Disconnecting From Others to Explore our Inner World

July 31, 2018

This summer, I’m going to be conducting fieldwork. No, it won’t be an immersion into another country to study another culture. I’m going to spend nearly a month walking 275 miles on the John Muir Trail, through California’s Sierra Nevada range—going from Mt Whitney, at 14,505 feet above sea level, to the valley floor in Yosemite. And while I’ll have a few days visiting with family and friends along the trail, I’ll be on my own most of the time, with only eternal granite peaks, wind-sculpted pine trees, and clear alpine tarns for company.

Provided that my middle-aged knees behave themselves, I’m not too worried about the physical aspects of the journey. Sure, there will be days when my hips and back will ache from carrying a 35 pound pack up and over 13 passes, each at least 10,000 feet above sea level. But the kind of discomfort I am most curious about is the absence of other people and connection to the world of those around me. Like many of us, I spend my days in the company of others, be it colleagues, family, friends, or patients. Electronic communication and social media allow for near 24/7 compulsive connectivity. But at what cost? Have we lost touch with the quiet whispers that emerge from within when we can be silent for an entire day, or an entire week? Naturalist John Muir was once quoted as saying “Only by going alone in silence, without baggage, can one truly get into the heart of the wilderness. All other travel is mere dust and hotels and baggage and chatter.”


In short, we’re scared of the inchoate places within us. They offer no guarantees. But what if, in that mystery, there lays an as-of-yet-undiscovered treasure? What if I come to like being alone, or learn to assuage my anxiety without a quick glance at the phone or the computer each time my mind becomes restless or lonely? What if I learn to eagerly anticipate the valley of insight that lies on the other side of the mountain pass of discomfort? When John Muir explored these mountains, the landscape of peaks and rivers awaited discovery and exploration. In a time when I can zoom into any place on earth with Google Earth, what’s left to explore?

Perhaps it is our inner worlds that invite exploration. The places we can only find when we are alone, quiet, and sitting in nature. What’s on the other side of this pass? What’s on the other side of my discomfort? I’ll let you know when I come out of the mountains.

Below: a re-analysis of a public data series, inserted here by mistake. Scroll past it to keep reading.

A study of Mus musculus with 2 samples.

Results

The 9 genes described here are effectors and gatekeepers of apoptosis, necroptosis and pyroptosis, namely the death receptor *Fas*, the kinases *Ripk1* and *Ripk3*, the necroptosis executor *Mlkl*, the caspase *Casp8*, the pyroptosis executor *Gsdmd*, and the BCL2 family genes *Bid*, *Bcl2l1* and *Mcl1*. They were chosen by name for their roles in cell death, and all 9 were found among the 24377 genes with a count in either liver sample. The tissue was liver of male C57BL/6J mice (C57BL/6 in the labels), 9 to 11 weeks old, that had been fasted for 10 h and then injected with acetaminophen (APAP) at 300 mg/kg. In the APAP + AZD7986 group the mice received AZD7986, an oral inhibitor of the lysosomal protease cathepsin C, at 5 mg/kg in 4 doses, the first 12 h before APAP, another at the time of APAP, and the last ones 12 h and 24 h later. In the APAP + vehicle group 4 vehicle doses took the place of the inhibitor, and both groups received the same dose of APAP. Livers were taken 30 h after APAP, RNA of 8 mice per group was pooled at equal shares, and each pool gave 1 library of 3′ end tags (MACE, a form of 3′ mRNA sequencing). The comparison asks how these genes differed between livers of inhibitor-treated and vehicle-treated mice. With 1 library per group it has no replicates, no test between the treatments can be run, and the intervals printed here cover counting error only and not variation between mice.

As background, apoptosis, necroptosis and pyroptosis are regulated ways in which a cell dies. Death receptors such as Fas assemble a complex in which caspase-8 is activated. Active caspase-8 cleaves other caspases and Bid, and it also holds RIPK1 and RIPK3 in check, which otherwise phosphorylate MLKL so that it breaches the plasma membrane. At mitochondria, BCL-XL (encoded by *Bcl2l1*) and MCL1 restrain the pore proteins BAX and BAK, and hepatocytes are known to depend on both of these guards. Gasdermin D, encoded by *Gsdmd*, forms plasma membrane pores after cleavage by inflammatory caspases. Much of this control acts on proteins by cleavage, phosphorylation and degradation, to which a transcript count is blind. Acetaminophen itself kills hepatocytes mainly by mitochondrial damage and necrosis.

Andrew Penn was trained as an adult nurse practitioner and psychiatric clinical nurse specialist at the University of California, San Francisco. He is board certified as an adult nurse practitioner and psychiatric nurse practitioner by the American Nurses Credentialing Center. Currently, he serves as an Associate Clinical Professor at the University of California-San Francisco School of Nursing. Mr. Penn is a psychiatric nurse practitioner with Kaiser Permanente in Redwood City, California, where he provides psychopharmacological treatment for adult patients and specializes in the treatment of affective disorders and PTSD. He is a former board member of the American Psychiatric Nurses Association, California Chapter, and has presented nationally on improving medication adherence, emerging drugs of abuse, treatment-resistant depression, diagnosis and treatment of bipolar disorder, and the art and science of psychopharmacologic practice. 

The views expressed on this blog are solely those of the blog post author and do not necessarily reflect the views of Psych Congress Network or other Psych Congress Network authors. Blog entries are not medical advice.


It seems you've hit on something important here when a high percent of men and a quarter of women would rather give themselves an electric shock than sit alone with their thoughts. There may be alternatives for those of us too old or decrepit to do what you're doing.

In a study, “Among the participants who said they’d pay to avoid being shocked again [rather than sit alone with their thoughts] (meaning those who found it particularly unpleasant), 67 percent of men and 25 percent of women nonetheless shocked themselves rather than face, without distraction, what is apparently a terrifying hellscape inside their heads."